Indonesia — A fire is burning within a concession controlled by PT Menteng Jaya Sawit Perdana in Indonesian Borneo turning up the heat on its parent company, the Malaysia-based conglomerate Kuala Lumpur Kepong Berhad (KLK), which supplies “sustainably-produced” palm oil to companies like Cargill and is already under investigation for breaching Indonesia’s new moratorium on forest conversion, according to the Environmental Investigation Agency (EIA).
EIA says that satellite data from NASA’s Moderate Resolution Imaging Spectroradiometer (MODIS) has registered “a high percentage certainty of a fire” within PT Menteng’s concession area on June 22-23.
The revelation comes just days after KLK’s plantations director Roy Lim was quoted as stating: “KLK has long abandoned using fire to clear land for new planting or replanting. Our policy and practice is zero burning for such activities.”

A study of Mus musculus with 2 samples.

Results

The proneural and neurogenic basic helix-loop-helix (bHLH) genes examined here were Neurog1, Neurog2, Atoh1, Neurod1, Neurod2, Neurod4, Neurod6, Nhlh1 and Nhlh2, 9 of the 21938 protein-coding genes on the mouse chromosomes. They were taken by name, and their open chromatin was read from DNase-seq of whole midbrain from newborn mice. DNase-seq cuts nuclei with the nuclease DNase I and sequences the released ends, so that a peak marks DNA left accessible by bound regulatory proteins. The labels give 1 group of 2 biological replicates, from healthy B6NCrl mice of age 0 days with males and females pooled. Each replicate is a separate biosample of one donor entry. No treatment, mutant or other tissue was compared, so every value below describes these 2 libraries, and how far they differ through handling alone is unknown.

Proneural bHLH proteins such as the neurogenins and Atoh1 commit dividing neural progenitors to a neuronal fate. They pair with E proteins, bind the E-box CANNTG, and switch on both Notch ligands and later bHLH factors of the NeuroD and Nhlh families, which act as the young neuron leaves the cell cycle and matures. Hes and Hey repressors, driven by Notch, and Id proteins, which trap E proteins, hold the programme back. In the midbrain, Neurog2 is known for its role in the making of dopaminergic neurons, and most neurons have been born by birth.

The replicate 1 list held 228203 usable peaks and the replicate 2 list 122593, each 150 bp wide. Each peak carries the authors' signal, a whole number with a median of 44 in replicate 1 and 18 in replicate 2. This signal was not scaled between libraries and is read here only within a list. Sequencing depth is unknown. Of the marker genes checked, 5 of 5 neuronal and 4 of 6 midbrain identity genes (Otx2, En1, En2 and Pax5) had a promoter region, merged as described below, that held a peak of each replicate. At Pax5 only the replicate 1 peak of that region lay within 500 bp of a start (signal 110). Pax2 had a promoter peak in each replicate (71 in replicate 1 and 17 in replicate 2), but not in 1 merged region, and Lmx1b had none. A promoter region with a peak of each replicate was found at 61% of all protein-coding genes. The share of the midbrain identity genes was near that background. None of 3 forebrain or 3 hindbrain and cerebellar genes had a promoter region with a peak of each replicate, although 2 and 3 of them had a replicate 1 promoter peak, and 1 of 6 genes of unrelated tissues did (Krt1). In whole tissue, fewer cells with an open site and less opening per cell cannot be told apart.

EIA is now calling for KLK to prove its claim.
“KLK should prove it is not carrying out land burning in its plantation or its denials will amount to no more than hot air,” said EIA Senior Forest Campaigner Jago Wadley. “This evidence puts KLK very much in the hot spot.”
Open burning is prohibited under both Indonesian law and sustainability standards set by the Roundtable on Sustainable Palm Oil (RSPO). Worse, the fires are burning within an area prohibited from conversion under Indonesia’s forest moratorium. The area of peat forest was illegally cleared by PT Menteng, according to an undercover investigation last month by EIA and Telapak.
EIA and Telapak say their analysis of MODIS data revealed fires in other areas ostensibly covered by Indonesias moratorium.
“With burning season entering full swing in Indonesia, [we] are concerned that Indonesias commitment to REDD+ remains in danger of failing without significant law enforcement reforms,” said the groups in a joint statement.